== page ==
In the absence of a meaningful U.S. protections to Internet users’ privacy, the European Union has stepped in, and companies are scrambling to make sure their website management practices comply.
The G.D.P.R., which regulates how companies can collect and used user data is much more stringent than anything in the U.S. According to The New Yorker:
The G.D.P.R. was initiated, in 2012, by the European parliamentarian Viviane Reding, then the vice-president of the European Commission. Speaking to me from Brussels, she explained that she had been concerned about “the big companies, like the American gafa”—the French coinage for Google, Amazon, Facebook, and Apple. “They just ignored the old law,” Reding said. “The Facebook Cambridge Analytica scandal, if it had happened on May 26th, this year, would have cost billions of euros to Facebook, among others. You cannot hand over the personal data of citizens without having asked if the citizens agree that you hand it over. And you cannot steal it and just tell them after. That is not possible anymore, according to the new law. If you do, then the penalties will be very, very severe.”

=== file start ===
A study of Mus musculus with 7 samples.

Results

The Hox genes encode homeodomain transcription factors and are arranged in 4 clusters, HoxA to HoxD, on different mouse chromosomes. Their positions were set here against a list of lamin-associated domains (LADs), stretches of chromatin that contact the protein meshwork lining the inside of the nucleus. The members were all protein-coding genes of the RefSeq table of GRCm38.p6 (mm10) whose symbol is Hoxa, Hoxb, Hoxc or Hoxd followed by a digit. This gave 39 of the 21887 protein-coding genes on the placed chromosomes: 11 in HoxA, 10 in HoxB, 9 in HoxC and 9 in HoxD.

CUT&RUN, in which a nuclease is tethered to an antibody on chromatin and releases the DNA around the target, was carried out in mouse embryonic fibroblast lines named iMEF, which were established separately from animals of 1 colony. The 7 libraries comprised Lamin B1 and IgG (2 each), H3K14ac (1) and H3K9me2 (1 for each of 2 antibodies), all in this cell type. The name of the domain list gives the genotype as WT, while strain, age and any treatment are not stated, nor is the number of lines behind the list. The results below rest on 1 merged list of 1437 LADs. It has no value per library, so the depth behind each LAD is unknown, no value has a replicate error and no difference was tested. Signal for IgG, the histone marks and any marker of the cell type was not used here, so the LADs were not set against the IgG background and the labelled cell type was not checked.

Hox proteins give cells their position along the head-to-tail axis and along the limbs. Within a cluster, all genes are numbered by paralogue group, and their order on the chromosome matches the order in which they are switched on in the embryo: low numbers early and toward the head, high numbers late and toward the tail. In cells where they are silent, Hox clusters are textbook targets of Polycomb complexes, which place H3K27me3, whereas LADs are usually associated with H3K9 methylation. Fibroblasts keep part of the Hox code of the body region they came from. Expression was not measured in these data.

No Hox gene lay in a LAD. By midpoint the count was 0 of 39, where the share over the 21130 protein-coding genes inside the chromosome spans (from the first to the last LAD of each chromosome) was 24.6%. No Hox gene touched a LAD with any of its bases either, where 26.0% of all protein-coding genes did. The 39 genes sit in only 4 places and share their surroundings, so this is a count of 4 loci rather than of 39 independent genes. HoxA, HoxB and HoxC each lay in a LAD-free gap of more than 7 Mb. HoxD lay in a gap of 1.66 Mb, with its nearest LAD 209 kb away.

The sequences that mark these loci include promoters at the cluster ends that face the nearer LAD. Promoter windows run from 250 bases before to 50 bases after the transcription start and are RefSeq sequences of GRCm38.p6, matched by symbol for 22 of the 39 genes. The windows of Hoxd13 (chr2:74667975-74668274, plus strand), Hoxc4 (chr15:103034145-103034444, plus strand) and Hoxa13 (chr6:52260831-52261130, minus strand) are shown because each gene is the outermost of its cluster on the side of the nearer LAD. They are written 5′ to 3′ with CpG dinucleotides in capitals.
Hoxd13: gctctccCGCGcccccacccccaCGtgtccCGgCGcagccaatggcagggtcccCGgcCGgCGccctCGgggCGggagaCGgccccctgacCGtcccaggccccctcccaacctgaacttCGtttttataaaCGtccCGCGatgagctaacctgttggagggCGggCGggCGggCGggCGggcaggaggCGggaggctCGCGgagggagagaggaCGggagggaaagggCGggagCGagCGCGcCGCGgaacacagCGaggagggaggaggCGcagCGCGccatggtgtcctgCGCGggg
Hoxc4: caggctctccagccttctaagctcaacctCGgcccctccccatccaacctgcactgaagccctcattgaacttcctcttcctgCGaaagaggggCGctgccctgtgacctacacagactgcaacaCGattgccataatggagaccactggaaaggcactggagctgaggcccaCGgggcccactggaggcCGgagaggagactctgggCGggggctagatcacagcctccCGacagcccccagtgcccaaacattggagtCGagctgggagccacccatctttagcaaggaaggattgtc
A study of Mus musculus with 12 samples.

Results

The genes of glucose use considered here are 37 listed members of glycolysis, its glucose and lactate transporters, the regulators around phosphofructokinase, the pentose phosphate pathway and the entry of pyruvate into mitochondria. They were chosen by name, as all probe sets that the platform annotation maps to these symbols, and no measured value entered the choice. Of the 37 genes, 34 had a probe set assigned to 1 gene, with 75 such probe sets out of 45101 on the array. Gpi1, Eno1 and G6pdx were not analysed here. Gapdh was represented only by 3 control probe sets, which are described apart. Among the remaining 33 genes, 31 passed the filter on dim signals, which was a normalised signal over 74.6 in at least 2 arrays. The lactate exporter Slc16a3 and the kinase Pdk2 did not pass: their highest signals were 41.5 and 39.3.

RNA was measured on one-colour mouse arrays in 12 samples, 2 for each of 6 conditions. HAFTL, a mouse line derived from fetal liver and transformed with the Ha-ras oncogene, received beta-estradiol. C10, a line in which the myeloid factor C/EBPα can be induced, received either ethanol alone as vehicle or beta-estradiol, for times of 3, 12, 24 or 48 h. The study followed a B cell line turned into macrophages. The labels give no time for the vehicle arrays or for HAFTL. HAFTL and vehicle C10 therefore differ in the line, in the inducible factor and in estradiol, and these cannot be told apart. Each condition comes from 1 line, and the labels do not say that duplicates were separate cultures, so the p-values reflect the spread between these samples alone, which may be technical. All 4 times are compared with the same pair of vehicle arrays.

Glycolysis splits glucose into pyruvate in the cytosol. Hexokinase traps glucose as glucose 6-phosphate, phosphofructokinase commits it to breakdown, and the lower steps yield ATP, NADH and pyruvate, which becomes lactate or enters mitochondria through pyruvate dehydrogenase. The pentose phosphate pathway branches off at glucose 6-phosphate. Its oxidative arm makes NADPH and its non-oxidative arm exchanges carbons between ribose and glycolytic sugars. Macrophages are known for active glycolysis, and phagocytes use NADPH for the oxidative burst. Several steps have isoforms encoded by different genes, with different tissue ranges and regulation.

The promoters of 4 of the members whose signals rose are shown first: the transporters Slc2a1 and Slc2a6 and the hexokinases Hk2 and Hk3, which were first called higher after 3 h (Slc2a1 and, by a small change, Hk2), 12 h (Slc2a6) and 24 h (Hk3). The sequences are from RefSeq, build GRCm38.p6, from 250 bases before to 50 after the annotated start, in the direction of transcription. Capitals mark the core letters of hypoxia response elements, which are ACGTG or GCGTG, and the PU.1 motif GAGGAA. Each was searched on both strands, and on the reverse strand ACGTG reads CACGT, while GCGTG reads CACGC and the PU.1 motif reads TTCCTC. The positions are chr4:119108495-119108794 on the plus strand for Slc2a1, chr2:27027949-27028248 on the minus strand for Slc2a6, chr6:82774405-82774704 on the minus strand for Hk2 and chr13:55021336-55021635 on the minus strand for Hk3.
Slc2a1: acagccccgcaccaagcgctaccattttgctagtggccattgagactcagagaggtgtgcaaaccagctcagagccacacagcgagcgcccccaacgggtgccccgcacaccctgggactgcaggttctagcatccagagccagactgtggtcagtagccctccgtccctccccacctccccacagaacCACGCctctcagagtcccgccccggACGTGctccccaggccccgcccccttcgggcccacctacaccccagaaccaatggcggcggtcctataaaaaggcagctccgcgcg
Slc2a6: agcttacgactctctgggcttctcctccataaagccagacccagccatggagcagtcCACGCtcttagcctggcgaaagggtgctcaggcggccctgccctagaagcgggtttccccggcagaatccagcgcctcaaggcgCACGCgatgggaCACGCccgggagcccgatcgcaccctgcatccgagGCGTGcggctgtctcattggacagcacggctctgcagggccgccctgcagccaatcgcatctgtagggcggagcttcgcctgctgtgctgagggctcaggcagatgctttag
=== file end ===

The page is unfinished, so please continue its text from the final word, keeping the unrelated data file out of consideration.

Not everyone kept up with the website management requirements of the new European rules. Some American newspapers, including the Los Angeles Times and Chicago Tribune, owned by Tronc, went dark in Europe.
While Tronc deemed its European readership disposable, at least in the short-term, most major national U.S. outlets took a different approach, serving a cleaned-up version of their website or asking users for opt-in consent to use their data. NPR even pointed delighted users toward a plaintext version of their site.